Pay transparency can help reduce gender and ethnic pay gaps and address issues of equity in the workplace. Implementing pay transparency is a key action under Te Mahere Whai Mahi Wāhine Women’s Employment Action Plan.

The gender pay gap in Aotearoa New Zealand has fluctuated over the past decade and is currently sitting at 8.6%.

Women, Māori, Pacific people, and people from other ethnic communities are more likely to experience pay gaps, and higher rates of unemployment, underutilisation, and underemployment, when compared to Pākehā men.

Introducing a pay gap reporting system

On 11 August 2023, Minister for Women, Hon Jan Tinetti, and Associate Minister for Workplace Relations and Safety, Hon Priyanca Radhakrishnan, jointly announced plans to introduce a mandatory gender pay gap reporting system in a step towards pay transparency. 

The pay gap reporting system will require organisations with over 250 employees to report their gender pay gaps. Over time, the system will apply to organisations with over 100 employees. 

You can read the full announcement on our website.

Pay gap reporting complements initiatives already introduced by the Government to address gender pay gaps and pay equity, including introducing Kia Toipoto for the Public Service, amending the Equal Pay Act in 2020, and introducing Fair Pay Agreements in 2022.

Pay transparency

Employers and employees generally treat pay as private and confidential information that is not easily accessible to other employees or external employers. This can contribute to discriminatory pay and employment practices, inequity in the workplace, and increased gender and ethnic pay gaps.

One way that these factors can be addressed is through pay transparency. Pay transparency is a range of actions to make pay information more visible inside and outside an organisation. Actions can include disclosing pay bands and organisations identifying and reporting on their gender and ethnic pay gaps.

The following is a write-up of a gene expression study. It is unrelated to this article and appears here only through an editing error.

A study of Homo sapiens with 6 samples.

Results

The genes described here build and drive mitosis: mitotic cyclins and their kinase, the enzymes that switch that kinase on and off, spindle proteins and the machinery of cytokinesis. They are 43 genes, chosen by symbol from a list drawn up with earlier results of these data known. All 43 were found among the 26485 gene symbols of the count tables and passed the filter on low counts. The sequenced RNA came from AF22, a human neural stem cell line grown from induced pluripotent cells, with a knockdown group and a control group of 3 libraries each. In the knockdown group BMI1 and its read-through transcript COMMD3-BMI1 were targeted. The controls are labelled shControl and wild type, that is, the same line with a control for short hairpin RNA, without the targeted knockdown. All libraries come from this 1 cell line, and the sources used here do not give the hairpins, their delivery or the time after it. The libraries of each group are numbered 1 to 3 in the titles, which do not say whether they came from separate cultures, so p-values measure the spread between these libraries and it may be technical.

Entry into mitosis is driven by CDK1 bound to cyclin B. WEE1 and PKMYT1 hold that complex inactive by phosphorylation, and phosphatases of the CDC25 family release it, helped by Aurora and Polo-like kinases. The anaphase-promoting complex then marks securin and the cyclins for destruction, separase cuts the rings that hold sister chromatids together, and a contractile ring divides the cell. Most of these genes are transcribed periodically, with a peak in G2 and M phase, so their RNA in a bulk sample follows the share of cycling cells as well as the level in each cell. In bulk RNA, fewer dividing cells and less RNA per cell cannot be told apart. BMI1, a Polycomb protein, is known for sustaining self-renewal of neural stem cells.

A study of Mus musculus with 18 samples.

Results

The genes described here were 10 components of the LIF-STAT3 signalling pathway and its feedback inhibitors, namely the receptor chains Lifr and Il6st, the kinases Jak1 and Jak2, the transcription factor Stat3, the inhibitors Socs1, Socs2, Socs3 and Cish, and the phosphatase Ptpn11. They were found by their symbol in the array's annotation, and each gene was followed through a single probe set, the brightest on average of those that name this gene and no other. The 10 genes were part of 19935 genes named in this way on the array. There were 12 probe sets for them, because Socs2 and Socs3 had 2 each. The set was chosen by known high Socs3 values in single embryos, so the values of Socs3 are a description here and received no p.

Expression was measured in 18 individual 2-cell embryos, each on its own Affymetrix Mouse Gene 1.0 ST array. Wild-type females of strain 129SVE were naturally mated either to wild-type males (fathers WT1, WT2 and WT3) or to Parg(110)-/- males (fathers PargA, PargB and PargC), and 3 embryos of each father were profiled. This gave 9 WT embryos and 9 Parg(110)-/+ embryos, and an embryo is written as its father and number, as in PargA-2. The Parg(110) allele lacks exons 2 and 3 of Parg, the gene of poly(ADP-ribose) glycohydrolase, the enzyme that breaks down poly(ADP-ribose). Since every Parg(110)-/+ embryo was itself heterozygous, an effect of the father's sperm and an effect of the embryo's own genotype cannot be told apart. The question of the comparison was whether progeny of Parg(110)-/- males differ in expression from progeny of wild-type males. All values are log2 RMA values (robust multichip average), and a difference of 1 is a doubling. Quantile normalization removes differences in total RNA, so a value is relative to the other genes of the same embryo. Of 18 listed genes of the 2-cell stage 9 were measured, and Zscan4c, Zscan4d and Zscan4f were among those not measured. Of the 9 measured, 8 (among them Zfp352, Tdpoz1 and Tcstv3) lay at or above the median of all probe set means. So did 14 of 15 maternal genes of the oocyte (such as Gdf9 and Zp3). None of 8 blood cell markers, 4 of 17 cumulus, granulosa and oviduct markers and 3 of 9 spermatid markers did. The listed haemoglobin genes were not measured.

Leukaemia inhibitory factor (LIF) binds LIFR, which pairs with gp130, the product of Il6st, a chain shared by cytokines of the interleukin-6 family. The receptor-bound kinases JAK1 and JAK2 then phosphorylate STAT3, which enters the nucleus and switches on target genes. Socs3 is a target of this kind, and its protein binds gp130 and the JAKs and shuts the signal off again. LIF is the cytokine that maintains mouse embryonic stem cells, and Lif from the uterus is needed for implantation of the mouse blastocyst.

The benefits of pay transparency are: 

  • Potential discriminatory pay practices and pay gaps between gender and ethnicities can be seen and addressed directly.
  • Employers can proactively investigate, report on, and address gender and ethnic pay gaps in their organisation and at a wider-industry and/or system level.
  • Employees are empowered to make more informed decisions on their employment and negotiate their pay.
  • People are matched to jobs that best suit their skills and experience.
  • Morale and motivation within an organisation can improve.
  • Clear explanation of pay scales are developed.
  • Employers are incentivised to address employment inequities and make the changes to their policies and practices needed to keep inequities from reoccurring.

The National Advisory Council on the Employment of Women (NACEW) are the national advisory group on pay transparency and has provided expertise and engaged with the business sector to help inform this work.

We have conducted research into how pay transparency works internationally. Country Case Studies on Pay Transparency (2022) looks at Australia, Denmark, France, Germany, Iceland, and the United Kingdom. The research shows that most jurisdictions similar to New Zealand have addressed pay transparency and pay equity in some form with the overall aim of closing the gender pay gap and combatting workplace gender inequity.